235 Second Avenue
Albany, NY 12209

518-462-1297


Mission

It is the intent of Albany Civic Theater to provide education and training in acting, directing, writing, speech, staging, producing, reviewing, and other aspects of the dramatic arts.

We aim to encourage and foster community interest and participation in the dramatic arts through the non-profit sponsorship of plays, lectures, publications, workshops, study groups, drama libraries and related activities.

History

Albany Civic Theater got its start in February 1955 when Marion Karczmar directed Blithe Spirit just nine months after the group's first organizational meeting. The organizers filled the void left when Malcolm Atterbury closed The Playhouse, a professional theater on Lodge Street.

The Ilium Players of Troy united with the Albany Dramatic Group to form Albany Civic Theater after a chance meeting on Lodge Street in downtown Albany of Sally Wallenstein (later Mrs. Louis Fiordilino) of the Troy group and Martha J. Downey of the Albany group.

The new group, which started with about 60 members, staged its plays at Philip Livingston Junior High, School 24 and the Albany Institute of History and Art. Rehearsals were held in such places as the Unitarian Church and the Joseph Henry Memorial building, not the city school district's headquarters.

In 1957, A.C.T. moved to 115 Beaver Street and began using the second-floor space for storage and rehearsals, thanks to Lou Urbano, who ran his Capitol Press print shop on the first floor of an old Boys Club building. After months of work, the second floor was transformed to make a theater with 125 seats.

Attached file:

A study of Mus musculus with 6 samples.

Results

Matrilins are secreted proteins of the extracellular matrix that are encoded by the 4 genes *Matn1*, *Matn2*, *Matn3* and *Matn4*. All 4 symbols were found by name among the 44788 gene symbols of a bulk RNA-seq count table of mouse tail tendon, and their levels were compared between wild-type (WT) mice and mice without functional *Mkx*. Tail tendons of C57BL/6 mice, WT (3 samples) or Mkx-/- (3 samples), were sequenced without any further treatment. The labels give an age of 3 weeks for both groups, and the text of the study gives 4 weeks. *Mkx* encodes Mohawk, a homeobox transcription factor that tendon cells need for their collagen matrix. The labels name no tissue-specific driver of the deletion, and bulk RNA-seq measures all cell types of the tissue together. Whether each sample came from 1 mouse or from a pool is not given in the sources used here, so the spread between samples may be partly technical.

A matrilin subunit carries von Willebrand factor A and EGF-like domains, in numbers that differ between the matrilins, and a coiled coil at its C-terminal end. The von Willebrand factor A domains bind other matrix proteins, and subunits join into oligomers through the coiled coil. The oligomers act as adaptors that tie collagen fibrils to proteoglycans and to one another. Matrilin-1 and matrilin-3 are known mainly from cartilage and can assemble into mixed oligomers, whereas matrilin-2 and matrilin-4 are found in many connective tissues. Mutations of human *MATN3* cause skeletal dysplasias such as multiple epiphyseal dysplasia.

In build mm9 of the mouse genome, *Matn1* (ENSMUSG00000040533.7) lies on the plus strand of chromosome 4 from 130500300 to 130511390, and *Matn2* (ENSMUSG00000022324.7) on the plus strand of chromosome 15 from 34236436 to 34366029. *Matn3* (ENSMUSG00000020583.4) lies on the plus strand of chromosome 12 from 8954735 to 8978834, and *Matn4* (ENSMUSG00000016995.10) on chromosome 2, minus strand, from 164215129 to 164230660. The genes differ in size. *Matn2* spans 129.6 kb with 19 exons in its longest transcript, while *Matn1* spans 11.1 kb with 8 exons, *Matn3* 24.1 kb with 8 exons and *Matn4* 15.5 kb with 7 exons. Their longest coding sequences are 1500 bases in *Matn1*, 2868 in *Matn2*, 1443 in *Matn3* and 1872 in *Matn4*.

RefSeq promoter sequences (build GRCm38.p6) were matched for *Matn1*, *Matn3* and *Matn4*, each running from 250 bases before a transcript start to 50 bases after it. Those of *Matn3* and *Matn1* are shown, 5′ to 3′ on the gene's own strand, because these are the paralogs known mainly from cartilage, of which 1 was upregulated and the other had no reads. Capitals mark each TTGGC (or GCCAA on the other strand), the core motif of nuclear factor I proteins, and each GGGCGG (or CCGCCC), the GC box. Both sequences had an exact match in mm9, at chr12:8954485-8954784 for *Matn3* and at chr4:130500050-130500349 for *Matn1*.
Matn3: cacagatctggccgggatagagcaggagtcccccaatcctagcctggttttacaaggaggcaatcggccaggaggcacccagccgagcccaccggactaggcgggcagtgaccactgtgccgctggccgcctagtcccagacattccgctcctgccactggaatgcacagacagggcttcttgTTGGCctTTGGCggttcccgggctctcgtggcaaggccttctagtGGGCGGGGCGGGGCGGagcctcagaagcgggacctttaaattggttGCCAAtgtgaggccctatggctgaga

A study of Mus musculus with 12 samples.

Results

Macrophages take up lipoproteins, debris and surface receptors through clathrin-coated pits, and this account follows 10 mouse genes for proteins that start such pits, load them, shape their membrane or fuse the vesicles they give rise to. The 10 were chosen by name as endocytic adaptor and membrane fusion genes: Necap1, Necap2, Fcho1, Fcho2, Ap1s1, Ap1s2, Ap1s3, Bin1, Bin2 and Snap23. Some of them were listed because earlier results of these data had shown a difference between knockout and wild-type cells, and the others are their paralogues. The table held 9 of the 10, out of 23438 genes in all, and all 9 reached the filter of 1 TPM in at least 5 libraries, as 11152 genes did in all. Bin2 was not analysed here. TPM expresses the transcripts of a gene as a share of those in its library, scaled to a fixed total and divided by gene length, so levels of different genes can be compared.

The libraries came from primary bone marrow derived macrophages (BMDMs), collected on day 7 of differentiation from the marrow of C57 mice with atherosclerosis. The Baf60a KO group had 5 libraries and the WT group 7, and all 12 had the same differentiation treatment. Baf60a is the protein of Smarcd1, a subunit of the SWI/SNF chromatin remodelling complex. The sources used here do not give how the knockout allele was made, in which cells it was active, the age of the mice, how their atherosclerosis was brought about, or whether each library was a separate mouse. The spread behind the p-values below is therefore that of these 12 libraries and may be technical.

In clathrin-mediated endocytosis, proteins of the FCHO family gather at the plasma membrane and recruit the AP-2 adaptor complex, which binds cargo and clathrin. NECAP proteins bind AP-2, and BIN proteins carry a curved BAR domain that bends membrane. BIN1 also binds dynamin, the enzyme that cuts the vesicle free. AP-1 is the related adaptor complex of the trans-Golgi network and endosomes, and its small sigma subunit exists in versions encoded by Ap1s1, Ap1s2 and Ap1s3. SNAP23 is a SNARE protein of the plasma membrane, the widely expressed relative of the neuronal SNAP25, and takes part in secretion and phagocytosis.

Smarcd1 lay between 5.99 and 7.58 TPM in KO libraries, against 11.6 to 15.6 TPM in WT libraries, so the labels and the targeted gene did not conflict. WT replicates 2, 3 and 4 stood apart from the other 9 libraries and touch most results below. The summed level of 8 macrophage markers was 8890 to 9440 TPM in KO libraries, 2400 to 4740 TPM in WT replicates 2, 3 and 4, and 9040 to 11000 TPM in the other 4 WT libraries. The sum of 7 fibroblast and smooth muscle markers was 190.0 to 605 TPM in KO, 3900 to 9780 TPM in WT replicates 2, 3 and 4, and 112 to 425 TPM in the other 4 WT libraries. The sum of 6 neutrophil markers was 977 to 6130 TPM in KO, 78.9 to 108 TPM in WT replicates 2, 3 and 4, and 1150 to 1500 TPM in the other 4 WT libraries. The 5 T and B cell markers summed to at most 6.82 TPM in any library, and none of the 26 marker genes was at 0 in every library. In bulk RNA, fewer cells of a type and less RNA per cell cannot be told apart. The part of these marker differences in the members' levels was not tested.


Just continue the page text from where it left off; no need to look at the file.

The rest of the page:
The first shows were presented for one or two nights, with volunteers folding and stapling playbills. A.C.T. sold its first subscriptions in 1962 when the season began with The Madwoman of Chaillot.

Louis Urbano built the stage, while Maureen "Mo" Dumas had a raked concrete floor installed. The seats came from the old abandoned Paramount Theater. The upstairs became dressing rooms, makeup area, wardrobe and an area for set construction. The coal bin became the box office.

The Man Who Came to Dinner, with A.C.T. veteran Llyod Symansky directing, was the first play in our current home. It opened our 1964-65 season and ran for eight nights. The runs were later extended to three weekends. Seating was expanded to 99 and later to the current 126.